Riddle: A man is walking down a road with a basket of eggs. As he is walking he meets someone who buys one-half of his eggs plus one-half of an egg. He walks a little further and meets another person who buys one-half of his eggs plus one-half of an egg. After proceeding further he meets another person who buys one-half of his eggs plus one half an egg. At this point he has sold all of his eggs, and he never broke an egg. How many eggs did the man have to start with?
Answer: 7 eggs. The first person bought one half of his eggs plus one half an egg (3 1/2 + 1/2 = 4 eggs) This left him 3 eggs. The second person bought one-half of his eggs plus one half an egg, (1 1/2 + 1/2 = 2 eggs) leaving the man 1 egg. The last person bought one-half of his eggs plus one-half an egg, (1/2 + 1/2 = 1 egg) leaving no eggs.
Riddle: I am a two-digit number. All my digits are even. No two digits are the same. None of my digits are prime numbers. I am not a multiple of ten. My tens digit is bigger than my other numbers. If you followed all the previous steps, there should be three options remaining the number is the option where if you add all the digits it's exactly in the middle (in how big the number is) of all the other options with their digits added together. What number am I?
Answer: If you followed all the steps apart from the last one there will be three options remaining: 64, 84, and 86. You then had to add up the digits, 64=6+4=10, 84=8+4=12, and 86=8+6=14. Finally, you then had to take up the middle biggest number (12) and put it back as it was before the digits were added together and your answer should be 84.
Riddle: Adored by few, Feared and hated by many. Mistress of the entire universal reason, Master in the art of numbers. Some may have solved many of your mysteries, But there still much of them to find. What are they?
Riddle: If seven people meet each other and each shakes hands only once with each of the others, how many handshakes will there have been?
Answer: Twenty one. Most people would think there were 42 handshakes. The first person shakes the hand of 6 others, the second person shakes the hand of 5 remaining people, the third person shakes the hand of 4 remaining people, the fourth person shakes the hand of 3 remaining people, the 5th person shakes the hand of 2 remaining people and the sixth person shakes the hand of 1 remaining person. 6+5+4+3+2+1=21
Riddle: Taking that internship in a remote mountain lab might not have been the best idea. Pulling that lever with the skull symbol just to see what it did probably wasn't so smart either. But now is not the time for regrets because you need to get away from these mutant zombies...fast. Can you use math to get you and your friends over the bridge before the zombies arrive? Alex Gendler shows how.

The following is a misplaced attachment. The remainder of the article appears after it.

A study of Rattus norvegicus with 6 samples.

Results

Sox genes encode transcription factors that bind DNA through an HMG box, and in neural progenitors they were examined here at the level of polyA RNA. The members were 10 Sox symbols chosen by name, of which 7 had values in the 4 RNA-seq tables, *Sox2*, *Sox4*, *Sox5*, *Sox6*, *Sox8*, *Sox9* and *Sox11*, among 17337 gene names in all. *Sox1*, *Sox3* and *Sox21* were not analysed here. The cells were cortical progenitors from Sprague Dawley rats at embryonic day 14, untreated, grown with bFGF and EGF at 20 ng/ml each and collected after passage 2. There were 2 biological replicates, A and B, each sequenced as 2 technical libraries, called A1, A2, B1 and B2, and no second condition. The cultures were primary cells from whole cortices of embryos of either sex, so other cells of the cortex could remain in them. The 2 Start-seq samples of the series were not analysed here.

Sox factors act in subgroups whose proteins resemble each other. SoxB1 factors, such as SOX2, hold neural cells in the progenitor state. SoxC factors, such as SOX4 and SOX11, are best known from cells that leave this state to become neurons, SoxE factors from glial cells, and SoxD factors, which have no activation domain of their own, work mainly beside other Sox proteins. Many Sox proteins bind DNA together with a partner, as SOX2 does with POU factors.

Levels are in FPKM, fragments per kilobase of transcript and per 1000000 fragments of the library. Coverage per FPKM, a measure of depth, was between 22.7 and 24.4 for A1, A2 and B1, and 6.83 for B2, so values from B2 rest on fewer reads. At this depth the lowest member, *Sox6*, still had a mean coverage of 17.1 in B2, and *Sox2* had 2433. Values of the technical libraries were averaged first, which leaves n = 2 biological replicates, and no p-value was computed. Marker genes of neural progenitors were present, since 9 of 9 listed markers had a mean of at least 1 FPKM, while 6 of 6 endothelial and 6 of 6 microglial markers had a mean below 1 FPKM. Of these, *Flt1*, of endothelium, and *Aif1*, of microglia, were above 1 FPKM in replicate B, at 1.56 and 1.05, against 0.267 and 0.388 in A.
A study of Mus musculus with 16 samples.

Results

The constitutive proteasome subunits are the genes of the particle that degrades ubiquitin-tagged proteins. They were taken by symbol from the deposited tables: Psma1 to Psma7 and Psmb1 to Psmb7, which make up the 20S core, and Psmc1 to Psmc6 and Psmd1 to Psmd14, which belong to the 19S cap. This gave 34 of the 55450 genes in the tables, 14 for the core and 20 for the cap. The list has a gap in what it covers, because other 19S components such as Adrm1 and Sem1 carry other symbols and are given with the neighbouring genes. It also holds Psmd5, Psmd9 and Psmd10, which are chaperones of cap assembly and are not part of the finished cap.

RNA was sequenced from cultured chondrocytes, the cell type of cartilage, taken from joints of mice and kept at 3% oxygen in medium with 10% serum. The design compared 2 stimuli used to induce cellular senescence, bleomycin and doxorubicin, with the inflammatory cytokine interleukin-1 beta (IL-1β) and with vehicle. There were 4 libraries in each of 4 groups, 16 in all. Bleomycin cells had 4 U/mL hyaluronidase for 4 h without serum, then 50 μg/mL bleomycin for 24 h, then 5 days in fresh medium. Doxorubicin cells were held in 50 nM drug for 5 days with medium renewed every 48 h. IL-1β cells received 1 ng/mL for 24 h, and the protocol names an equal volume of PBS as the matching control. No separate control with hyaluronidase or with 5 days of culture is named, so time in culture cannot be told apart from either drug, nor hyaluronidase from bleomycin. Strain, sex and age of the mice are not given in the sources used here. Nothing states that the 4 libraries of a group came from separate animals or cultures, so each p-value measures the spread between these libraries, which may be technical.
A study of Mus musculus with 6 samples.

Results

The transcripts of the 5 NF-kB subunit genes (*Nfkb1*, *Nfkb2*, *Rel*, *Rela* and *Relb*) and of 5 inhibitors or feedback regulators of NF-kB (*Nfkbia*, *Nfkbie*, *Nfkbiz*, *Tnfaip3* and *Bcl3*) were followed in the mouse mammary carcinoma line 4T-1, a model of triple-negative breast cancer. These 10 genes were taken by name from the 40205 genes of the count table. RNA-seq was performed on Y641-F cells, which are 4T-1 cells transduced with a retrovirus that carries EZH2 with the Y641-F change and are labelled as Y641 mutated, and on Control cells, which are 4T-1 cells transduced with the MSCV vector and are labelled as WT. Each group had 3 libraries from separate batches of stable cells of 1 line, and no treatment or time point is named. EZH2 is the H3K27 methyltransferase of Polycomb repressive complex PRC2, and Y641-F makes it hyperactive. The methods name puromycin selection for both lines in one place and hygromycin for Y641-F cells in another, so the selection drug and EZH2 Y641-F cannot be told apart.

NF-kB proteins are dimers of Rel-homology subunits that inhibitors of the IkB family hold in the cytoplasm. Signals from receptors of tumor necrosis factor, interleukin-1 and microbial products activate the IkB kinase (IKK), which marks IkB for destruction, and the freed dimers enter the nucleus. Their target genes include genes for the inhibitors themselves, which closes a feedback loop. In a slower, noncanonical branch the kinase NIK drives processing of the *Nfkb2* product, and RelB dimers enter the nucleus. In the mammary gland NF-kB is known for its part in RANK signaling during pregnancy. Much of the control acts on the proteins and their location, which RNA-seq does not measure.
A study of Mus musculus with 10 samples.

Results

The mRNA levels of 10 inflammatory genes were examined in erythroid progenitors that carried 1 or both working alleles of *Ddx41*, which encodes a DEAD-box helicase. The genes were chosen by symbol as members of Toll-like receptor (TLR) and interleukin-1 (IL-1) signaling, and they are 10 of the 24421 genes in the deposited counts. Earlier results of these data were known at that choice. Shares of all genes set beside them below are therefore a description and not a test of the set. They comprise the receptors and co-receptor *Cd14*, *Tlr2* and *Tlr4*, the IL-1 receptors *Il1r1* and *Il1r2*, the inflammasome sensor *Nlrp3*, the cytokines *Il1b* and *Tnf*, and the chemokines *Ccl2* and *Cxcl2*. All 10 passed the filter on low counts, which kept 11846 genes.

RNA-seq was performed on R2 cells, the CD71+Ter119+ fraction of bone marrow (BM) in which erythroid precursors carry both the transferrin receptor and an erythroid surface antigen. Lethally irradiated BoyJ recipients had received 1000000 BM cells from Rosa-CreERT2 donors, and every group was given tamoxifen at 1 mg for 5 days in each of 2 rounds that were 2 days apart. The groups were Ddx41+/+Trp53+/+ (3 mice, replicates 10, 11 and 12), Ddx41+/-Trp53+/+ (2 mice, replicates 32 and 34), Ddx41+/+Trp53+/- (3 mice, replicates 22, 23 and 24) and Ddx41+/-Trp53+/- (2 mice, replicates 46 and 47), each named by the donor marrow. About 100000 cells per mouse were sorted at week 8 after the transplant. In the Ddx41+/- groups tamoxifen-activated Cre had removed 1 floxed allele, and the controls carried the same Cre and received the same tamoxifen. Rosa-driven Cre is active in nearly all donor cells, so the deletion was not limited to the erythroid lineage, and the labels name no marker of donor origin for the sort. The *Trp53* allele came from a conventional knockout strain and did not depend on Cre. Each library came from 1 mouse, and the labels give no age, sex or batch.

Answer: At first it might seem like no matter what you do, you're just a minute or two short of time, but there is a way. The key is to minimize the time wasted by the two slowest people by having them cross together. And because you'll need to make a couple of return trips with the lantern, you'll want to have the fastest people available to do so. So, you and the lab assistant quickly run across with the lantern, though you have to slow down a bit to match her pace. After two minutes, both of you are across, and you, as the quickest, run back with the lantern. Only three minutes have passed. So far, so good. Now comes the hard part. The professor and the janitor take the lantern and cross together. This takes them ten minutes since the janitor has to slow down for the old professor who keeps muttering that he probably shouldn't have given the zombies night vision. By the time they're across, there are only four minutes left, and you're still stuck on the wrong side of the bridge. But remember, the lab assistant has been waiting on the other side, and she's the second fastest of the group. So she grabs the lantern from the professor and runs back across to you. Now with only two minutes left, the two of you make the final crossing. As you step on the far side of the gorge, you cut the ropes and collapse the bridge behind you, just in the nick of time.
Riddle: I am a three-digit number. All of my digits are prime. One of the numbers is even. Each of my numbers are used only once. The total of my first and last digits equals 10. The total of my first two digits equals 5.
Answer: This one is fairly easy if you use elimination if you follow all the first 5 steps you get three options: 525, 327, and 723 but if you followed the last step you would reach your answer. The answer was 327.
Riddle: If someone says to you, "I'll bet you $1 that if you give me $2, I will give you $3 in return", would this be a good bet for you to accept?
Answer: No. This is a situation where you lose even if you win. Assuming the other person is being wise, they would take your $2 and say, "I lose", and give you $1 in return. You win the bet, but you're out $1.
Riddle: Place three piles of matches on a table, one with 11 matches, the second with 7, and the third with 6. You are to move matches so that each pile holds 8 matches. You may add to any pile only as many matches as it already contains. All the matches must come from one other pile. For example, if a pile holds 6 matches, you may add 6 to it, no more or less.
You have three moves. How can you do it?
Answer: First pile to second; second to third; third to first:
Riddle: The distance from the Earth to the Sun is about 100 million miles. The speed of light is 186,000 miles per second, and light takes eight minutes to reach the Earth from the Sun. Let's say the Sun rose at 6am this morning, and that by some freak of physics the speed of light is suddenly doubled to 372,000 miles a second.
What time will the Sun rise tomorrow?
Answer: 6am again. After all, what diffrence does the speed of light make to the answer? It's irrelevant- only the speed of the roation of the Earth matters here.